Lake County Sheriff Mark Curran began a week-long stint as an "inmate" in his own jail Wednesday.
Curran believes the voluntary detention will give him a better sense of the Lake County Jail and improve his job performance, according to the Sun-Times:
"I believe that I can be a better sheriff by having a better understanding of jail operations from the perspective of an inmate in the Lake County Jail," Curran said before being locked up. "I believe that I will receive significant introspection from staying in the jail with inmates for a week."
Curran plans to live in a cell, eat jail food, mingle and talk with other inmates in common areas, while also attending numerous programs offered in the facility, including substance abuse counseling, parenting and educational classes, along with religious services.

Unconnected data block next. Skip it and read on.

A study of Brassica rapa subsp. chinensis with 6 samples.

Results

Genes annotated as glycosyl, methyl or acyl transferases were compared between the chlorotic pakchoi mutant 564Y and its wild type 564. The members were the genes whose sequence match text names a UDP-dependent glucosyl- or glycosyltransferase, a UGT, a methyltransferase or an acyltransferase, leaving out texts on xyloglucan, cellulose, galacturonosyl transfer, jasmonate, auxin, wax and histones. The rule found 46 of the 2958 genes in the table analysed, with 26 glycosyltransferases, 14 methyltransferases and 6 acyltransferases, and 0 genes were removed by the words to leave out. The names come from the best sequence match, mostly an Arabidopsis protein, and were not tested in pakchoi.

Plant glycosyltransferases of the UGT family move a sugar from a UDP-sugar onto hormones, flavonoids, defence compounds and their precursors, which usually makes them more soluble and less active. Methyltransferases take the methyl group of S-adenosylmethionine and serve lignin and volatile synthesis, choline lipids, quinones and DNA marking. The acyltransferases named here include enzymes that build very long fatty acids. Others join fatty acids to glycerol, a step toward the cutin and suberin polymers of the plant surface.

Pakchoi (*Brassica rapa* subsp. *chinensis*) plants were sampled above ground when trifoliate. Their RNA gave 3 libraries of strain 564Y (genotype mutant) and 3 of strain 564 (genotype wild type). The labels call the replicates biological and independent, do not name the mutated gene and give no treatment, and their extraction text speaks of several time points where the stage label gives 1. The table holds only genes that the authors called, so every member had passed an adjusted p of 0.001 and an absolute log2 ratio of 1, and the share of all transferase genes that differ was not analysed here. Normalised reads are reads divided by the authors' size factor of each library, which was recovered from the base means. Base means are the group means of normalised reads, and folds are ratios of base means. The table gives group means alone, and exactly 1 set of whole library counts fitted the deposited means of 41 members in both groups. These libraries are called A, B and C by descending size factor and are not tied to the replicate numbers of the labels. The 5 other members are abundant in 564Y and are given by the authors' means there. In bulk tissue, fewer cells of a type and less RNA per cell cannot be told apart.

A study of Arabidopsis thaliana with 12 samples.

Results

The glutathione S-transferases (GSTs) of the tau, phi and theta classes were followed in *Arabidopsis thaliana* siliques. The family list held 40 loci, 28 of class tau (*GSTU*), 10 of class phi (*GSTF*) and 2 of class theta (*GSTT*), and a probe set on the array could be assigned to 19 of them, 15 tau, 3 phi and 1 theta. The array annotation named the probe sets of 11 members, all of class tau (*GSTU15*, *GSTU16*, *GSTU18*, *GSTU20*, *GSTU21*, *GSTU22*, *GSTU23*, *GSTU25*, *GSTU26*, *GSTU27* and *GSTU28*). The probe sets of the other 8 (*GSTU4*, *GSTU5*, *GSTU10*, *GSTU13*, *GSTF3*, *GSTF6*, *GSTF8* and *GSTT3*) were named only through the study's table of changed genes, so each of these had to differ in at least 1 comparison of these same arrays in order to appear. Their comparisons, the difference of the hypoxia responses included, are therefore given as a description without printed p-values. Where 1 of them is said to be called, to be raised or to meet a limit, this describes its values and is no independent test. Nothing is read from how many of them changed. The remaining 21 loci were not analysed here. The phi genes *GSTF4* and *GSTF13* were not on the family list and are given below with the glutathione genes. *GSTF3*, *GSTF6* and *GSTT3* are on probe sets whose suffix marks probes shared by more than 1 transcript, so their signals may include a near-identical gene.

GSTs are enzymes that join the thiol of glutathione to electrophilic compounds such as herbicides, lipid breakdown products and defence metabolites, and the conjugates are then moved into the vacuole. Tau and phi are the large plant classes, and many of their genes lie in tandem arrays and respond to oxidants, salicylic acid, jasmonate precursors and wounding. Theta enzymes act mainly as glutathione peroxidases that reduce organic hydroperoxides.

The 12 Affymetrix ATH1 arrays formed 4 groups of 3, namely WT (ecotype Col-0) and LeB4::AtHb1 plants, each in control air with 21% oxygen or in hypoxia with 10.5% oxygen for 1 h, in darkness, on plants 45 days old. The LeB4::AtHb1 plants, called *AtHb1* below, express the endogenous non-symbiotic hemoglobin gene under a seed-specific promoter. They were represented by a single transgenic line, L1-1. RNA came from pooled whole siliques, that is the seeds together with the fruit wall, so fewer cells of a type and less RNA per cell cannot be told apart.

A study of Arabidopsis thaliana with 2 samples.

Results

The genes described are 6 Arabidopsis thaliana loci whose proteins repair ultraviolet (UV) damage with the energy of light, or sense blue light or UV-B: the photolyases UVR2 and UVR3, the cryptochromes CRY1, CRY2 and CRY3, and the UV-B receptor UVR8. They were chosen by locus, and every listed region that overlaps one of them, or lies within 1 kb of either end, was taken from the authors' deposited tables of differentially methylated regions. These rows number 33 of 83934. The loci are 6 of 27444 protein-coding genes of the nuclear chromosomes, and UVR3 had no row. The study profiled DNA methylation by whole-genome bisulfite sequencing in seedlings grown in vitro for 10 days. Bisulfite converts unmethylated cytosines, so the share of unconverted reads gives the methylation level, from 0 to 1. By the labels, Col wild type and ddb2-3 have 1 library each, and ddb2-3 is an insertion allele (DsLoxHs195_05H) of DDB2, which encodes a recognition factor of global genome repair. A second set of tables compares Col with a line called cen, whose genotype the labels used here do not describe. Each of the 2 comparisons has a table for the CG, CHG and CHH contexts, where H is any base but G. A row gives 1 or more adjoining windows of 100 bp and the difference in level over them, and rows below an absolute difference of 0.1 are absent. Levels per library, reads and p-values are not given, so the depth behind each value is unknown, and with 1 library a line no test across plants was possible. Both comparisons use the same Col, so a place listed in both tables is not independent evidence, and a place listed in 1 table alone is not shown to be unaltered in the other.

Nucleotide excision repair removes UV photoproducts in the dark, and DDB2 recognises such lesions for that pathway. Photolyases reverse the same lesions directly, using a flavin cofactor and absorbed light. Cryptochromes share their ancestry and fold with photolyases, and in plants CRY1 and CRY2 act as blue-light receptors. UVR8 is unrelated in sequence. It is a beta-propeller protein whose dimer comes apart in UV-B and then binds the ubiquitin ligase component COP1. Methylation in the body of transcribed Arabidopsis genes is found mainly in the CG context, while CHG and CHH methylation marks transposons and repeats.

Curran will get preferential sleeping arrangements for only part of his time inside, reports the Tribune:
Curran will spend three nights in one of the jail's dorm-style accommodations, according to a schedule organized by jail officials. Though the hundreds of other inmates in that area will sleep in beds arranged in rows in a large room, the sheriff will have his own cell. From there he will spend two nights in a general population cell that is one of several arranged around a day room where inmates play cards and watch television. Curran also will spend a night in the high-security segregation unit and the jail's medical unit, he said.
"A publicity stunt?" the Tribune wonders. "Perhaps."
Though Manny Hill, executive director of Koinonia House, a Wheaton-based prison ministry group, described Curran's move as "historical" in the Sun-Times.